In a recent study just published at the end of February in the journal JAMA Pediatrics, it was revealed that about one in four teens has received a “sext,” a text message with sexual content, and approximately one in seven have sent one.

The frequency of sexting among teens has been increasing over the past decade. Most of the sexting happened over cell phones, though some involved computers, too.

Potentially more concerning numbers are that 12 percent of teens said they’ve forwarded a sext without the permission of the person they received it from, and 8 percent of teens had one of their sexts forwarded without giving their consent.

What constitutes a “sext” message? There’s no standard definition in research or everyday experience. For some, it’s any message related to sex: telling a raunchy joke, discussing a body part, etc. A sext may include a sexually explicit photo or video.

In a technology world where anything can be copied, sent, posted, and seen by huge audiences, there’s no such thing as being able to control information. The intention doesn’t matter — even if a photo was taken and sent as a token of love, for example, the technology makes it possible for everyone to see your child’s most intimate self. In the hands of teens, when revealing photos are made public, the subject almost always ends up feeling humiliated. Furthermore, sending sexual images to minors is against the law, and some states have begun prosecuting kids for child pornography or felony obscenity.

Why is this happening? According to the study, “Adolescence is a time of life in which teenagers are learning about their own bodies, how to take risks, and about romantic attractions. For some teenagers, engaging in sexting may feel like a way to explore their attraction to someone.”

As with anything in life, actions have consequences and so does sexting. To the teen, they include emotional consequences such as experiencing embarrassment and humiliation if the sext message or images are shared with others, cyberbullying, guilt and shame, etc.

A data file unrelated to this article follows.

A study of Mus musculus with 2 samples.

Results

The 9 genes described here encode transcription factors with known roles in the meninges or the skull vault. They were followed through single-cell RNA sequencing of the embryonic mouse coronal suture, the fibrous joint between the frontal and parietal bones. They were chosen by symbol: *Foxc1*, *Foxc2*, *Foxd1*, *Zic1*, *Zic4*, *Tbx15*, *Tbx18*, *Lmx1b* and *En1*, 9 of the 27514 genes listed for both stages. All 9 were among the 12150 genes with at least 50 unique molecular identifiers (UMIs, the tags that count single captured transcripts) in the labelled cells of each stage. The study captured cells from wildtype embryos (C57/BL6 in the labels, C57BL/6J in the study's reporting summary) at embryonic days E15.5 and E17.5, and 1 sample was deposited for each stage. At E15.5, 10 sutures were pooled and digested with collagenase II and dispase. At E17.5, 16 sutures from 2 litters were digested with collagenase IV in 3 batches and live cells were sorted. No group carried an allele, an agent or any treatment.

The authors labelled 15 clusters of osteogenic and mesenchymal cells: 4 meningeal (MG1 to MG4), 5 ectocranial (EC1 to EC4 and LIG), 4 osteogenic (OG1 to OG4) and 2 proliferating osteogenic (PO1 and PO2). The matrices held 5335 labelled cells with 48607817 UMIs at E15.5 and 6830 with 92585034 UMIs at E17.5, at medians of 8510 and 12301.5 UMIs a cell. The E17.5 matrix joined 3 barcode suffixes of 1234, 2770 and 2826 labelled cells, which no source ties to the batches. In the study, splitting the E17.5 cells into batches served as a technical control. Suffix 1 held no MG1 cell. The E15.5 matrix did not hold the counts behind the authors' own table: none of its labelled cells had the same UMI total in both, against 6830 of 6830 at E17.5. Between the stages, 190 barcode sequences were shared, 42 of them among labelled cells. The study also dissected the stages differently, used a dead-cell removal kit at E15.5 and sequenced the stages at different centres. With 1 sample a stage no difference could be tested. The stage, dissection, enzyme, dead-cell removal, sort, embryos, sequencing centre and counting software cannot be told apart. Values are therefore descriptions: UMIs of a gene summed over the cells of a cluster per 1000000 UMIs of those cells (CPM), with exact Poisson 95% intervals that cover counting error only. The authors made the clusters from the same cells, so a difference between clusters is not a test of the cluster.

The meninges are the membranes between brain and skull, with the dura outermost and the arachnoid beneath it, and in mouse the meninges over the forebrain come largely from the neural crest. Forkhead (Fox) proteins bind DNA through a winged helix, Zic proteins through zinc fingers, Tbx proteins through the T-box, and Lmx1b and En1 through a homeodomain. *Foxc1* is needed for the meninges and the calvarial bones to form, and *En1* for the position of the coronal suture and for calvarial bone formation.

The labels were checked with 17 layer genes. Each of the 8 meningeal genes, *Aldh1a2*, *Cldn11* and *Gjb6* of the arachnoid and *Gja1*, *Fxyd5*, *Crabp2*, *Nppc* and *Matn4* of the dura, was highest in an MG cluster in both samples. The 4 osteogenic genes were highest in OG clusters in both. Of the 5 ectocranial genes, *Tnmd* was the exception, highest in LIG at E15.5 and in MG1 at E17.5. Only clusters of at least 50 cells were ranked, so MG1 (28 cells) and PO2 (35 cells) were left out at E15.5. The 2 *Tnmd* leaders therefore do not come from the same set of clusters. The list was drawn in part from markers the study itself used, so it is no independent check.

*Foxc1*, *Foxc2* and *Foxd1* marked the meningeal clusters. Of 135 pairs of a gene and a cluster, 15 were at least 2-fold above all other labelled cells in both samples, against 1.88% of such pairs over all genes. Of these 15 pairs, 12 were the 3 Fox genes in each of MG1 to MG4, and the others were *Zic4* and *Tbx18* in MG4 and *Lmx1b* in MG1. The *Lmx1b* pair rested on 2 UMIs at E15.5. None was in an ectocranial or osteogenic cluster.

There are also more serious legal consequences such as receiving criminal charges for child pornography. Both the sender and the recipient can be charged. Those who send the photos may be charged with distributing child pornography in some states. And those who receive the photos may be charged with receiving child pornography, even if they did not request the photo. Teens who sext also run the risk of having to register as a sex offender.

Parents are not immune to the consequences either. If parents know that their child is sexting and do nothing to end it, they may be charged with contributing to the delinquency of a minor. The parents also can be subject to a civil suit if the victim’s parents choose to sue.

What can parents do? Don’t wait for an incident to happen to your child or your child’s friend before you talk about the consequences of sexting. Talking about sex or dating with teens can be uncomfortable, but it’s better to have the talk before something happens. Let them know that sexting constitutes child pornography and engaging in it increases their risk of sexual bullying as well as their exposure to child predators. It can also ruin their reputation and continue since sexts never go away. Once something has been put on the Internet, it takes on a life of its own and cannot be controlled.

Explore with them some positive resources they can access to help them deal with this and other issues related to teens such as: thatsnotcool.org, cyberbullying.org, and connectsafely.org.

Overall, the best scenario is if sexting does not take place at all. Parents should sit down with their teens and talk through all the risks associated with sexting. And if your child has received a sext message, they should delete it right away. Keeping it to show authorities at school or sending it to a parent only puts them and their parents at risk legally.

Mary Migliaro is an educator, parenting mentor and consultant. She is a longtime resident of Cherokee County.